When trying to manage student behaviour in a primary classroom, it is always easier to be proactive than reactive. Proactive strategies encourage teachers to establish behaviour standards from the first day of school and consistently reinforce them, whereas reactive strategies focus on changing behaviour after it occurs. Primary-age children respond best to routines and guidelines so they are aware of what is expected of them in the classroom.
Make a classroom contract together. Write a list of the behaviours your students have suggested on a large piece of chart paper. Laminate the paper so it lasts through the year, and place it in a highly visible part of your room where students can be reminded of the rules they set for themselves. In "Intervention in School & Clinic," Andrea M. Babkie suggests using no more than five rules in a contract to keep things simple for students to remember.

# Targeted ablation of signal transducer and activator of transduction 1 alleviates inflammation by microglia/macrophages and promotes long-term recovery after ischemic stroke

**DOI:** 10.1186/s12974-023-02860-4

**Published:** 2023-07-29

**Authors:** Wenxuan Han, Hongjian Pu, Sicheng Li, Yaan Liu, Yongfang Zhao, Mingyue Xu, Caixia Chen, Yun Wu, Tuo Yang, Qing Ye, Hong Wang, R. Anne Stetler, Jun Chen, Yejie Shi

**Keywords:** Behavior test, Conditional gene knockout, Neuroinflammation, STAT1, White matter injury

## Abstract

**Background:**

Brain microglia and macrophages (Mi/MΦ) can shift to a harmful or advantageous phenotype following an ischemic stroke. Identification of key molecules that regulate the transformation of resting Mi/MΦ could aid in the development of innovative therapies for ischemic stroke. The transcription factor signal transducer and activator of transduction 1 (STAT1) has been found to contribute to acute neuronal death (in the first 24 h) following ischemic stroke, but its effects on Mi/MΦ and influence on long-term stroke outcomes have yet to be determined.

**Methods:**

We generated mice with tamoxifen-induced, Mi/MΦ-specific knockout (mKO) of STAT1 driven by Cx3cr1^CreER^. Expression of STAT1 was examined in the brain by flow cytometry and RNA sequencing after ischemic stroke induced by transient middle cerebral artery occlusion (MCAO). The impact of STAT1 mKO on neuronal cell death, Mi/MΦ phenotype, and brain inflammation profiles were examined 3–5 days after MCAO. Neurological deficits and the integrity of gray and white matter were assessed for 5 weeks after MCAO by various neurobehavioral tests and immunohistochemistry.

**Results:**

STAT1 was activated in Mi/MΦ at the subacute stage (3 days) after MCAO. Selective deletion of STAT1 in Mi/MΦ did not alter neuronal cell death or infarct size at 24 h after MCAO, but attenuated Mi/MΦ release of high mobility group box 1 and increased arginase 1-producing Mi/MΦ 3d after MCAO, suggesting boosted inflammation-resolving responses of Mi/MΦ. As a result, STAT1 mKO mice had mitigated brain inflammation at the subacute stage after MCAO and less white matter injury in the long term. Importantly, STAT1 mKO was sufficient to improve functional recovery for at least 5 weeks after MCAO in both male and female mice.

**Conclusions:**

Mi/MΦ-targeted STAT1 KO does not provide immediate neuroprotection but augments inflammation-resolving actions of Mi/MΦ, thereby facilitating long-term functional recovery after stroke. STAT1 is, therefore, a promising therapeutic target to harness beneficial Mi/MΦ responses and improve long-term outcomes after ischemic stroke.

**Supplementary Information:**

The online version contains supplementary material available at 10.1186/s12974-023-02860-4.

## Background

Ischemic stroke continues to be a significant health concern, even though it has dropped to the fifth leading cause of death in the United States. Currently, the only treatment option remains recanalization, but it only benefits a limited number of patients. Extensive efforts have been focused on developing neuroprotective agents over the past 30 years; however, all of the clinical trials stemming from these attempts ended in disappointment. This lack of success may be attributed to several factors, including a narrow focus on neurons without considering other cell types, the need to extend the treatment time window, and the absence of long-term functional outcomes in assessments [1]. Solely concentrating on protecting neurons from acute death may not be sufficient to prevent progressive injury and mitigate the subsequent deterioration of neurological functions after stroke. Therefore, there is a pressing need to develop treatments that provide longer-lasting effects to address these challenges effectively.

Model for students the signs, signals and songs that will be used in the classroom to help them remember expected behaviours. For example, show students that they are expected to be quiet when a teacher raises his or her hand. Or, when the teacher sings the cleanup song, students are expected to put away their toys and come to the circle.
Give positive reinforcement to students who demonstrate appropriate behaviour in the classroom. Comments such as "Thank you for tidying your desk this morning, Sarah" and "I like the way Tommy has his books ready for math" encourage students to behave appropriately and reward them when they conform to expectations.
Whenever possible, use non-disruptive cues to manage behaviour that doesn't conform to the classroom contract. Non-disruptive cues are ways teachers show students they need to change their behaviour without disrupting the rest of the class. They can include looking a student in the eye or moving toward a student so she knows she is being observed. In an article for Guardian.co.uk, Paul Dix suggests that teachers avoid getting into lengthy discussions about behaviour and instead get their point across to students quickly and quietly.